13th Floor Elevators at Levitation Fest | Photo by NIkki Volpicelli
No Points For Nostalgia: Austin’s Levitation Festival brought us some muddy surprises
One word that would neatly describe this year’s Levitation Festival: muddy. Very very muddy, and the rain that dropped down on Carson Creek Ranch — a usually dusty plane within view of the Austin-Bergstrom airport — called for some set up changes. The Levitation Amphitheatre had to be moved from its spot on the Colorado riverside to higher ground, so that it wouldn’t sink its artists into the currents. Because of this, it lacked the 360 degree visual display that’s usually projected onto the river at the annual gathering – formerly known as Austin Psych Fest – but didn’t lack in any other capacity.
With breakout sets from Chile’s The Holydrug Couple, White Fence, folk guitar wizard Ryley Walker and Beijing-based art rock group Chui Wan, the Amphitheatre roster was solid and the span of discovery was inevitable. Goth-synth singer Chelsea Wolfe rounded things out with her 11 p.m. performance on day three, serving up her black magic dreams while The Flaming Lips played their concurrent charade on the main stage.
One of the most highly regarded main stage acts of the weekend were The Jesus and Mary Chain, who were billed to play the entirety of their landmark album Psycho Candy. The once-scuzzy Brits started off with some of their more recent material before ushering in the 1985 behemoth, which sounded buffed and polished in comparison to the legendary recordings. It strayed from expectation, but in a way that’s typical for a comeback, trading in some fortitude for big room efficiency.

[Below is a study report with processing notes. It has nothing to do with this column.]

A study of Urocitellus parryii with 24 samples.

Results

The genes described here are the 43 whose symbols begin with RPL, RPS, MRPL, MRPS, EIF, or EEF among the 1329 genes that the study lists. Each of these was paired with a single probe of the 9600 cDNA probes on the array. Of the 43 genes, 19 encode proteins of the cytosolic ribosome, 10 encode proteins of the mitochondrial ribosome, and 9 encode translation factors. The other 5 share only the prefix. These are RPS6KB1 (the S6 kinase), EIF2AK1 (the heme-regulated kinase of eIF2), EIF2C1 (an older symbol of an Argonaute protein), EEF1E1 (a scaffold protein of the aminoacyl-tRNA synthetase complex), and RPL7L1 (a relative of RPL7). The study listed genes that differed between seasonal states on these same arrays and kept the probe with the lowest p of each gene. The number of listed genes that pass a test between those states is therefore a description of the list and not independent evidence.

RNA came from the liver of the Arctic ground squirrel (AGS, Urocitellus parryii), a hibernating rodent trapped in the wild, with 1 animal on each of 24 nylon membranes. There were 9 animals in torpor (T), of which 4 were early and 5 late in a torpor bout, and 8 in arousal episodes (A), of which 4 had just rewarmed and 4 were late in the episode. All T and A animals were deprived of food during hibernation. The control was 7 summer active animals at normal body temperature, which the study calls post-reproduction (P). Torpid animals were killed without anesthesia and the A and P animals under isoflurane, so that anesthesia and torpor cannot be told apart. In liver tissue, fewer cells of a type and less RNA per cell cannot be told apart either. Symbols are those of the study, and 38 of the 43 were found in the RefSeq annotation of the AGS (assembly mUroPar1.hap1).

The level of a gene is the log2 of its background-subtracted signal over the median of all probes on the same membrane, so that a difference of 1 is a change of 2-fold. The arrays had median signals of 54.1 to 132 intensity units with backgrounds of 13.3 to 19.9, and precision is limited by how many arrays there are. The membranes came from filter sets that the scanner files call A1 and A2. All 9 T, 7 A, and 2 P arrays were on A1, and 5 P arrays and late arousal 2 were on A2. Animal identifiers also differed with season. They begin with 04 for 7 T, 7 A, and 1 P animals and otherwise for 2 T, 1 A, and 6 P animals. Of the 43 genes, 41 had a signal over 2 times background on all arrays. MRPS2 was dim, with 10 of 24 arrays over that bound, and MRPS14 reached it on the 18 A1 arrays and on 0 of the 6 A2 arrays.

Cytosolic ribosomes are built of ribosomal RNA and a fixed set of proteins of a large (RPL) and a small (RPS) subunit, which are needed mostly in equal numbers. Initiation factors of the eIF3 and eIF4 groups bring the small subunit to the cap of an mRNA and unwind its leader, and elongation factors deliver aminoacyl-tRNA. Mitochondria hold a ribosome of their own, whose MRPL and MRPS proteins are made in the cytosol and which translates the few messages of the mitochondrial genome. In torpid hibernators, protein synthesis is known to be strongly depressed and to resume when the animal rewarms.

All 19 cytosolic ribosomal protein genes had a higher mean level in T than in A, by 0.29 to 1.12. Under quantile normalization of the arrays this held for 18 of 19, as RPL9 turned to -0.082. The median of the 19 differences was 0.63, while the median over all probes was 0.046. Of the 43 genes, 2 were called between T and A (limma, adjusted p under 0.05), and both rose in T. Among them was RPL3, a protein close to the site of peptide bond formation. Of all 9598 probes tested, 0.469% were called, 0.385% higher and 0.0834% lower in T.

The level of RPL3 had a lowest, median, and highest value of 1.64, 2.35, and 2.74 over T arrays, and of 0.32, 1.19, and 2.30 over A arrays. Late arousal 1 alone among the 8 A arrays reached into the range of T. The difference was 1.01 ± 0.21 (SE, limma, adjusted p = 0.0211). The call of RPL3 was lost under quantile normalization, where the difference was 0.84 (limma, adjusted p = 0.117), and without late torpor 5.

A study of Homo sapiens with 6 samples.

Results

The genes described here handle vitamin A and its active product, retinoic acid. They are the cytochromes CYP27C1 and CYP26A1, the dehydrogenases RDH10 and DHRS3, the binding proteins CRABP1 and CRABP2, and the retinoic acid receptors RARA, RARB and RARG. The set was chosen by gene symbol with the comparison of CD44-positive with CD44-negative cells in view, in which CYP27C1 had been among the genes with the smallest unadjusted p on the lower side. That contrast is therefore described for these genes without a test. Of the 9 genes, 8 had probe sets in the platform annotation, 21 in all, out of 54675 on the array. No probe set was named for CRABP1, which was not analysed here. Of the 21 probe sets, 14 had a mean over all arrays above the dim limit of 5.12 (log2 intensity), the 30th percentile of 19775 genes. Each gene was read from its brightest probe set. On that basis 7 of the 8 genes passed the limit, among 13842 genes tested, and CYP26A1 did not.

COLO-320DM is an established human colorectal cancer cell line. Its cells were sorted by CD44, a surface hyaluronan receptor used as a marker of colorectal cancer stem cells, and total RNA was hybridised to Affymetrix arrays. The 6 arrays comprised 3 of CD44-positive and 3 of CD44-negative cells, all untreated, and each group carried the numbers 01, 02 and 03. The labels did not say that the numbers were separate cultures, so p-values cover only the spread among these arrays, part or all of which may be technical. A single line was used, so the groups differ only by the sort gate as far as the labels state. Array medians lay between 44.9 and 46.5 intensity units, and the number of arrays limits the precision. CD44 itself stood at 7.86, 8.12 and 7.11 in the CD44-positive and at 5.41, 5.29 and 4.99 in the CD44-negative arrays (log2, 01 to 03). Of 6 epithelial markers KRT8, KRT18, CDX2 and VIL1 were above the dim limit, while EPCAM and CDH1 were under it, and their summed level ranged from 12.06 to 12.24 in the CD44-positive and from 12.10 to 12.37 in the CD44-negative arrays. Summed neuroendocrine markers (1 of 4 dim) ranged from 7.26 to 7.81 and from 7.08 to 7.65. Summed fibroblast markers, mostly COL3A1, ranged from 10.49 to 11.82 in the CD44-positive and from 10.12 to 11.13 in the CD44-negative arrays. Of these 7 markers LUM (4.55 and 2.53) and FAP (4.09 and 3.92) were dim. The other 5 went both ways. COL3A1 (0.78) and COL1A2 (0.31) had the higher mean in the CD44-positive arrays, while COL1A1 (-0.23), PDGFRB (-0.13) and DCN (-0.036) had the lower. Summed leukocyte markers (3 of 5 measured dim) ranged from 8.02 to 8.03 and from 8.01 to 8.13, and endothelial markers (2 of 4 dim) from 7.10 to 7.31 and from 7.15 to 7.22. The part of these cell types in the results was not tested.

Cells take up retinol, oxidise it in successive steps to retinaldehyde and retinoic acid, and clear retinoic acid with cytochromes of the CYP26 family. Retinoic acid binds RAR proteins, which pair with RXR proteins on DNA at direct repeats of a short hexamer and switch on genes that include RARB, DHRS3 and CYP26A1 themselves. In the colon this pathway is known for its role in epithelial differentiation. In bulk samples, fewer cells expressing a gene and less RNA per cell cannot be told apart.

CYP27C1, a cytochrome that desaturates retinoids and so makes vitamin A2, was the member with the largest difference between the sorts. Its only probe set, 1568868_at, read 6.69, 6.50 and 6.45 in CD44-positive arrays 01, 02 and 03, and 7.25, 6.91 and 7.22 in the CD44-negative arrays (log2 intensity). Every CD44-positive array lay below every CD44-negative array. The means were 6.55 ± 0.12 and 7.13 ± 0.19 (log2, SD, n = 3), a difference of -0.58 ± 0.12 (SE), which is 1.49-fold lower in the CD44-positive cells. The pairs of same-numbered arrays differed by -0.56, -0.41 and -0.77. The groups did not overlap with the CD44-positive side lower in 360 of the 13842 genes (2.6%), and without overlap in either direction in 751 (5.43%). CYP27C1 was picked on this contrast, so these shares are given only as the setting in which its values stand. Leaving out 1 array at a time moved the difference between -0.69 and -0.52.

The 13th Floor Elevators didn’t have that problem. Playing for the first time in 45 years as a full band proved a difficult task. The Austin-based psych legends, headed by frontman Roky Erickson, played a marked up set that saw Roky looking pretty bewildered. It was sad to see him standing up there, a deer in the headlights, paraded out to a mixed crowd of people that used to know him when, discovered him later, or watched his documentary on Netflix and wanted to see a car crash.
Luckily, there was no car crash. Just moments where Roky was too quick to drill into a chorus, or seemingly unaware that he was holding a guitar. There was nothing glaringly wrong, but it was hard to help yourself from feeling sad.
I previously stated an opinion: that the Elevators should be the group to close out the festival’s main stage instead of The Flaming Lips. I thought this because I kind of hate The Flaming Lips, and have the utmost respect for the Elevators, a group that paved the way for the genre (and electric jug).
I was wrong to say that. As a main stage bookend to a weekend boasting arguably the best in inventive psychedelic music and culture, The Flaming Lips worked. They were tight, and they had balloons and streamers. They put on a show.
I will not regret seeing Roky Erickson play with The 13th Floor Elevators, but the performance was not the coup de grâce I assumed it would be. Instead, it reminded me of two years prior, when I left a Bob Dylan show early because I barely recognized his gravely version of “Tangled Up In Blue.” Some scene-shaping founding fathers should just be remembered that way.
After the Elevators and in another world, Ty Segall‘s Fuzz capped off the festival’s last night with a warbling melodic meltdown at 1 a.m. that made me proud to be here now, seeing his ascent firsthand. Segall’s set was a refresher. In a world of Chelsea Wolfes, Ty Segalls, Kevin Parkers and a ton of really great young psych groups popping up across the globe, let’s not grade on a nostalgia curve.